Modern Japanese martial arts are less about killing or winning victories in real fights, than about self-improvement. There was a clear transition between the old martial arts practiced for survival or security by samurai in feudal Japan. The story of this transition can be traced very clearly through the story of kendo.
History of Japanese Martial Arts
The samurai or Bushi were significant elements in the history of Japanese martial arts. These professional military noblemen, officers and warriors of medieval and early-modern Japan made up less than ten percent of Japan’s population. But their exemplary strategy and tactical prowess in both armed and unarmed warfare have brought their legacy down into Japan’s modern martial arts.
Samurai would train rigorously in both physical and mental exercises, while maintaining their strict code of honor and morality, codified in the Bushido. They were expected to be skilled in the use of multiple weapons. As these weapons and tools improved and changed with a changing world, many different forms of martial arts developed, with different training methods, tools and philosophies.
Old school or Koryu Bujutsu (bujutsu means the actual application of martial techniques and tactics in combat) were traditional martial arts schools that came from before the Meiji Restoration in 1868. In general, these martial arts are focused more on the application of military science in techniques in the real world or in war. Forms include sumo, jujutsu, kenjutsu, ninjutsu and other forms of weaponless and sword martial arts.
On the other hand, there are modern martial arts, called the Gendai budo, originating after the Meiji Restoration. Their primary aim is self-improvement. Judo, kendo, aikido, iaido, kyudo, karate and others belong to this group of martial arts. These arts were developed with the aim of developing a “way of life” and victory over oneself, the biggest enemy. Kendo offers a perfect demonstration of this.
The Difference in Modern Martial Art
Kendo literally means “the way of the sword”. Ken is sword, do is a “way of life”. It probably began to evolve into its current form from changes beginning in the Edo period (1603-1867). This period of relative peace saw many techniques of the ken translated into philosophies and theories on swordsmanship and the samurai life.
The feudal system went on to collapse, but the philosophies of the samurai life lived on. Sparring techniques and armor to prevent fatalities were developed. Eventually they entered the sporting sphere.
Kendo, and many of the other martial arts, are combative and clearly adapted from military fights, tactics and strategies. But the aim is mental development.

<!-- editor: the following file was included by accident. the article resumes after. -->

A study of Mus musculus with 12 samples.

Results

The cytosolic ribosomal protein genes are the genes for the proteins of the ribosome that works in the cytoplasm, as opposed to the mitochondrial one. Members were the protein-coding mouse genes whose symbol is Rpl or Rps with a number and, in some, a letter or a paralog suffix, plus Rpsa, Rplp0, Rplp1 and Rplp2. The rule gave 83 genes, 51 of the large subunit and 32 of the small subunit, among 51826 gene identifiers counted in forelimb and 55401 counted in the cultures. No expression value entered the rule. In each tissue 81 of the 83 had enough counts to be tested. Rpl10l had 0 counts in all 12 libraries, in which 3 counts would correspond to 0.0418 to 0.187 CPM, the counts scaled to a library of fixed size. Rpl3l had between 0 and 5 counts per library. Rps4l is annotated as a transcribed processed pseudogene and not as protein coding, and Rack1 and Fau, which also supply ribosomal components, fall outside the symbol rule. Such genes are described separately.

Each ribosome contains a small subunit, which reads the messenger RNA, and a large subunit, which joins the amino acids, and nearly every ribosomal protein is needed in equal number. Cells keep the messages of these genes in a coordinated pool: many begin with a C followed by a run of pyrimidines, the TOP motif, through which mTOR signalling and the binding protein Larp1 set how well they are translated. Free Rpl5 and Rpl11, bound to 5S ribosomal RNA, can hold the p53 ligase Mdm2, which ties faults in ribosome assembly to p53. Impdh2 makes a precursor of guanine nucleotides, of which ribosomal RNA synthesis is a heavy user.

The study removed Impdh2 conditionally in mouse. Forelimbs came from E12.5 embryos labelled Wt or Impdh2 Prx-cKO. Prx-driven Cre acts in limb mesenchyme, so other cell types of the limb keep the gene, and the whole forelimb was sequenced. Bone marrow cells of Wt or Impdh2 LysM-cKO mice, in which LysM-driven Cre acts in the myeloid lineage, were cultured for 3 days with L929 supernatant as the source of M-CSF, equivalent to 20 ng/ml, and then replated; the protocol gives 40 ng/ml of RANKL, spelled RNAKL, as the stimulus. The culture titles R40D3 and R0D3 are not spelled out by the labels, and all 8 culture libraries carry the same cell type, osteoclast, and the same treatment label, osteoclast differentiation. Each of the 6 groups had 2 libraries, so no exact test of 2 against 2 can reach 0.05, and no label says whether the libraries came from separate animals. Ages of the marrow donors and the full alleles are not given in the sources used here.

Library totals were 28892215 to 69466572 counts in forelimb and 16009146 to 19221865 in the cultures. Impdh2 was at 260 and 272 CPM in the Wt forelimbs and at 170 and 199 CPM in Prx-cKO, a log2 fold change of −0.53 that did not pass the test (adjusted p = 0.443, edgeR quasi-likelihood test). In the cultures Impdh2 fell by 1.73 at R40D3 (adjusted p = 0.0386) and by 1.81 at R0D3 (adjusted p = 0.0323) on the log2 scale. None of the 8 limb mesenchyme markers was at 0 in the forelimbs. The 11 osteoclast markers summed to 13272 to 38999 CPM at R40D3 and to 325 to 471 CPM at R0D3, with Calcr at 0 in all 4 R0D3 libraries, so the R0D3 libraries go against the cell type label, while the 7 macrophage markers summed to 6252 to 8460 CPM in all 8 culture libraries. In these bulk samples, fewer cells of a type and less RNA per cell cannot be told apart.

At the same time, it is impossible not to ignore the origins of kendo in actual warfare. There’s a very interesting topic of discussion that those training in Kendo come to ask at a certain stage. Why is that from a combat perspective, modern Kendo targets areas for victory that are illogical when it comes to attempting a victory in battle?
If you look at the areas where you can score points in Kendo, they are:
Men: The head
Migi-Men: Right temple
Hidari-Men: Left temple
Hidari-Kote: Left kote
Migi-Do: Body, right
Hidari-Do: Body, left
The blows must only be delivered with the outer third of the shinai, with precision and clarity. A total of nine fundamental techniques called kendo wazas can be used to hit these points. The referees will look not only at the result but also good form and a strong reaction so that the player can continue at once with the same kind of focus and spirit.
All of the scoring areas are not really practicable in a real battle due to armor. For example, the head in Japanese military past would usually be protected by a helmet or some kind of band. On the other hand, the sides of the neck are unprotected. The throat would often be protected as well, even in light armor. But in Kendo, the throat is a target. The wrists are always protected in all kinds of armor, as well as the sides which usually have heavier armor.
Why does Kendo target these areas? The answer lies simply in the identity of Kendo as a combative sport derived from samurai swordsmanship. Partly, Kendo is a true combative “sport” that targets areas that are usually armored and easy to armor. Also, it is derived from Itto-ryu, which focuses on the perfect strike or kiriotoshi.
Such complex physical and philosophical combinations that make modern Japanese martial arts different from the more aggressive classical arts of the past.